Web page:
The Purple Quill
A post inspired by the Firecracker girl, Brain boy, and this “mysterious soul”
~I have always gone by a different name than what is on my birth certificate, which is Elizabeth.
-“I’ve read all of [Roald Dahl’s] books, but [The BFG] is my absolute favorite. It’s wild and funny and touching.”
~I studied art history at Brown University.
~“Sometimes I think we are who we are right from the beginning. I was a watcher. I loved disappearing into books. I wanted to be a writer by the time I was eight; as a kid, I played with words in my head, turning them this way and that as if they had color and sparkle. The puzzle was always to allow words to shine singly yet also fit together in combinations that felt just right. I’m still working on it.”
~I’ve just published my fourth mystery novel for children.
~ I set my stories in real world places and in real world mysteries .
~ For my latest novel, “When I discovered that a small but hugely valuable object owned by one of the biggest thinkers of all time had been stolen years ago and was still gone, I was so excited. My mind was buzzing with ‘What if’s, and I knew just where that object should be found.”
-I like to think about real world questions like: “Is it okay to break rules in order to get something important done? What is art and what makes it valuable? How do you find a hugely valuable stolen treasure? Do coincidences mean anything?” these are ideas that I’ve explored in my books.
~“All kids can be amazing problem-solvers and powerful thinkers, no matter what they are good at doing or whether they’re successful in school. That belief is at the heart of everything that I write.”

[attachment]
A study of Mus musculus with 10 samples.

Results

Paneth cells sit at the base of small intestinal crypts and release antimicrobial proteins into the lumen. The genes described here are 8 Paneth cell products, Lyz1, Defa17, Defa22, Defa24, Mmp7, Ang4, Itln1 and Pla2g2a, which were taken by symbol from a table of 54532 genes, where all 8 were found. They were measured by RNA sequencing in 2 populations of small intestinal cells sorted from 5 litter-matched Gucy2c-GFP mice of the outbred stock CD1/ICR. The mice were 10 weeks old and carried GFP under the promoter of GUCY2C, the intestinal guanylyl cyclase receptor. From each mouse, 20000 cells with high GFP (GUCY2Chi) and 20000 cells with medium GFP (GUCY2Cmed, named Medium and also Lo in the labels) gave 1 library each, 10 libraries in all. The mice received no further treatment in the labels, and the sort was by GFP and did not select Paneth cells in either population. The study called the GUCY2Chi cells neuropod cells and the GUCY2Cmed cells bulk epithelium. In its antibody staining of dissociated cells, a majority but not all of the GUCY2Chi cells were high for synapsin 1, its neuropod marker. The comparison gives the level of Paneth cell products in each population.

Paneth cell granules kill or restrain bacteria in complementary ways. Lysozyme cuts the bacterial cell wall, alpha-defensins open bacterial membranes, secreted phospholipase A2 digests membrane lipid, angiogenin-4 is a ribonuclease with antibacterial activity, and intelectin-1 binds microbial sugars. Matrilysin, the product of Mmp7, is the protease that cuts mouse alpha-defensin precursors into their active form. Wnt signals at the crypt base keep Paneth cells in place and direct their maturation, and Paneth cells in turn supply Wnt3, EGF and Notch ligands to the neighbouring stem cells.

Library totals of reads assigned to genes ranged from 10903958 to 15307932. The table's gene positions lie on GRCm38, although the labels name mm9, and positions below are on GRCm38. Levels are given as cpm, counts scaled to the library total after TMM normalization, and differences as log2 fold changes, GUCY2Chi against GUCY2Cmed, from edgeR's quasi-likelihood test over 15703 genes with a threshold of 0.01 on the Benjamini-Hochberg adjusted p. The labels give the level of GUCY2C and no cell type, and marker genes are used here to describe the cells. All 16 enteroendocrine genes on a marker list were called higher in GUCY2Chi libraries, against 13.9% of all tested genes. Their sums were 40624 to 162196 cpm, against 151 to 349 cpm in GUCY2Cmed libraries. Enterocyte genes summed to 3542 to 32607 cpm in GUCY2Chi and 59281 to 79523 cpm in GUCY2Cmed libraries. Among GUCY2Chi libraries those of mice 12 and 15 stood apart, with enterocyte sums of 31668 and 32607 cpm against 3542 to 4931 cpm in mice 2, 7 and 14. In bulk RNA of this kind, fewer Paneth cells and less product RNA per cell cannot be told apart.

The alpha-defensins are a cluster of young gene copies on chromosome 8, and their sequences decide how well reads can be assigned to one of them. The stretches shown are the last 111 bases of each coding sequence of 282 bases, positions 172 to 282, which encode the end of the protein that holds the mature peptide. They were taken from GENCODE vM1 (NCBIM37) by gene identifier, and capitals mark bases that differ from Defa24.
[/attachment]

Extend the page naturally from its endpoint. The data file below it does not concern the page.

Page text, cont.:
~”I have loved [Harold and the Purple Crayon by Crockett Johnson] forever. I think I’d like to do what Harold does in the story.”
~ ‘Unexpected things go into my writing… an article found in the newspaper, conversations I overhear, a person I see out a window or in a store, a place I visit, even dreams… they’re all a part of it. And daydreaming is essential, at any age. Our world moves so quickly that I think writers need to find ways to slow it down, often by thinking at times when it looks like they’re doing something else. Writers use everything.”
~ I am “intrigued” by “the idea that so-called weaknesses can become strength.” An “exciting question” to ask is: “Are there also times when a physical disability can allow a person to accomplish things that others might not?” This is a line of thought I explore in my latest novel.
Who am I?
Where do you find your inspiration?
I will provide the answer (and or confirmation) tomorrow, with a write-up and all the links from which I garnered the above information and quotes.
…and yes, I know you need only paste a quote into a search box and find the answer.
But you’ll come back. I’ve a great read to share with you.